Students Receive Messages From Mars

A group of 20 young students who have shown the character trait that NASA’s Perseverance rover is named for received messages of encouragement directly from that six-wheeled scientist on Mars.

Nominated by educators and community leaders from across the country, the cohort is the first group in the agency’s “You’ve Got Perseverance!” awards, which honor U.S. students in sixth through eighth grade who have shown that nothing will deter them from their educational journey.

On a Feb. 15 video conferencing call, the students got to see the rover team working in a control room at the agency’s Jet Propulsion Laboratory in Southern California as Perseverance Surface Mission Manager Jessica Samuels walked them virtually through the facility. In the 60-minute program, students got to ask questions of dozens of rover team members and learn how Perseverance used its “Seq. Echo” capability to send the messages (generated by the team on Earth, then relayed to Mars and back). Samuels introduced a video featuring the individualized text messages the rover had sent to the students from some 200 million miles (320 million kilometers) away. This is the first time students have received personalized messages from a rover on another planet.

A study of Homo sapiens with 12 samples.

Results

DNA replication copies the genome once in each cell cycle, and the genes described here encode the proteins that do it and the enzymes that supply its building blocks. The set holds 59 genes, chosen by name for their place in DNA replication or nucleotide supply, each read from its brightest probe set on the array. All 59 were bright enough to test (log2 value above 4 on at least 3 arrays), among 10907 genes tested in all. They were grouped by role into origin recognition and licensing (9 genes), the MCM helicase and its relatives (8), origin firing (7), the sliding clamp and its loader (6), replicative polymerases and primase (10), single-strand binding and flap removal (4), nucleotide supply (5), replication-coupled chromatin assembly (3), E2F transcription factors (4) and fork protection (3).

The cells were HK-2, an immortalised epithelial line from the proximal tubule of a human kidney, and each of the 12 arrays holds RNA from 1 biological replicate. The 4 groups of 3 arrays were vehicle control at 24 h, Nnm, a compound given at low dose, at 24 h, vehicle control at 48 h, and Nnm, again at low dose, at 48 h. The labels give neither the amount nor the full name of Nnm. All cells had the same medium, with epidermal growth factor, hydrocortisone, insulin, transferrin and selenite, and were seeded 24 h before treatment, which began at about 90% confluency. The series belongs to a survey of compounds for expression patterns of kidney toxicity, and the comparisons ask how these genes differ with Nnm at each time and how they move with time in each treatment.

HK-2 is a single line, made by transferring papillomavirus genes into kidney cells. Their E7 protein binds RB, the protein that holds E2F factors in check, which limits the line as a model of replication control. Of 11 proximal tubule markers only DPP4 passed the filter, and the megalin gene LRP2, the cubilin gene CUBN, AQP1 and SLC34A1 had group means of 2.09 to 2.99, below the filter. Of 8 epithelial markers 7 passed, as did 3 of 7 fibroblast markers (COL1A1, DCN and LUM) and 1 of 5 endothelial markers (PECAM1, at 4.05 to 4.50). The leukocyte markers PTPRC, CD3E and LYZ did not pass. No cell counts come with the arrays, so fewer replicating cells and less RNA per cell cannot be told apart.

Perseverance had this message for Shannon Hayes, an eighth-grader from Lake Worth, Florida: “Shannon, you show nothing will stop you if you put your mind to it. Way to go!”

Shannon has a genetic condition that makes her medically fragile and prevents her from attending school in person, her teacher said in nominating her for the opportunity. Despite the student’s severe physical limitations, “her work is impeccable and detailed, and shows amazing grasp of concepts. Her maturity and positive attitude are the best I have ever seen,” the teacher wrote.

For her part, when it came to the Q&A, Shannon wanted to know about the difficulty of driving the rover in Mars’ low gravity. Other students had questions about evidence of water on Mars, the types of samples Perseverance has collected, how the rover uses plutonium for power, and how it’s designed to survive the harsh environment on the Red Planet. Perseverance Project Manager Jennifer Trosper told the kids their questions made her certain they were on a path to success, and she said she teared up reading nomination forms for the students, some of whom have overcome serious obstacles.

“I read your stories and I was so inspired,” Trosper told the kids, going on to say, “That perseverance and grit and determination – that’s what it takes to succeed.”